This got me to thinking. Let's say I create a sequence with a cache size of 100. Then I make a 50 record insert to my table, with the sequence value as the primary surrogate key. After the commit, the current value of the sequence would not yet have been written to disk. Suppose I were to have an instance failure at this point. When the database comes back up, it is my understanding that the current sequence value will be reset to the last value written to disk.

If I were to try inserting another 50 records into my table, will I now break the primary key constraint because the sequence was reset to its last state from disk and primary keys are now getting reused? If this is the case, how would I prevent this?


up vote 12 down vote accepted

No, this will not be the case.

Your sequence will continue at 101, the values between 50 and 100 will be missing.

The only reason to disable sequence caching is when trying to avoid gaps in your sequence, which is not relevant for most Primary Keys.

You might be interested in this article, which states that

The downside of creating a sequence with a cache is that if a system failure occurs, all cached sequence values that have not be used, will be "lost". This results in a "gap" in the assigned sequence values. When the system comes back up, Oracle will cache new numbers from where it left off in the sequence, ignoring the so called "lost" sequence values.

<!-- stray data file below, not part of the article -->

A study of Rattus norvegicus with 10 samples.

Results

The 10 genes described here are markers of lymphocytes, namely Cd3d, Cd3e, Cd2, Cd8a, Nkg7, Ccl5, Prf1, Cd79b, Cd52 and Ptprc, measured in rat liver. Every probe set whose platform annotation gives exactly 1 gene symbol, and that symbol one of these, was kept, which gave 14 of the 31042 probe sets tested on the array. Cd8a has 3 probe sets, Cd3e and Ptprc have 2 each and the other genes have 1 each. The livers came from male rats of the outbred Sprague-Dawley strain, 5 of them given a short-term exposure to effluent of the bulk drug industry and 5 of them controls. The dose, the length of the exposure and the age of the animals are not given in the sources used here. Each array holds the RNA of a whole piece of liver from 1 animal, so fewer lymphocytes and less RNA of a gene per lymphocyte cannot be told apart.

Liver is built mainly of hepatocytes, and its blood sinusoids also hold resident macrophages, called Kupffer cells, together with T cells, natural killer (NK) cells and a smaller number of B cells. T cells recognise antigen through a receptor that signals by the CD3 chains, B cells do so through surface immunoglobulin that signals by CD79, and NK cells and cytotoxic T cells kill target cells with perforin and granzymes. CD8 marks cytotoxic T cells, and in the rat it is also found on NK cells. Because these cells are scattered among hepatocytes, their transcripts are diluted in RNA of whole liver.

I don't believe you can guarantee that there will be no gaps in a sequence. asktom.oracle.com/pls/apex/… –  EvilTeach Mar 4 '10 at 18:59
    
@EvilTeach: You are right, of course. Thanks for pointing that out. –  Peter Lang Mar 4 '10 at 19:08
1  
I disagree with that quote. Stating that a sequence with a cache suffering lost values is a "downside" is missing the point and potentially misleading - even with no cache, you can (and will) still lose values. The primary point must be, you cannot use sequences to guarantee no gaps. –  Jeffrey Kemp Jan 24 '13 at 3:42

Say the cache has the values 101-200. The value written on disk is 201. Your insert uses 101-150. Instance goes down. Instance starts up. Next time the sequence is used 201-300 will be cached.


SQL> select ordered.currval from dual;

CURRVAL

    22

SQL> select unordered.currval from dual

CURRVAL

    24

SQL> SHUTDOWN IMMEDIATE SQL> STARTUP

NEXTVAL

    23

SQL> select unordered.nextval from dual;

NEXTVAL

    25

Also, ALL_SEQUENCES.LAST_NUMBER does not hold the last last number provided by the sequence except on startup and before first NEXTVAL. After first NEXTVAL, it holds last number served plus CACHE_SIZE. This does not change until new cache is generated. However, on shutdown, it apparently gets reset to just the last number served.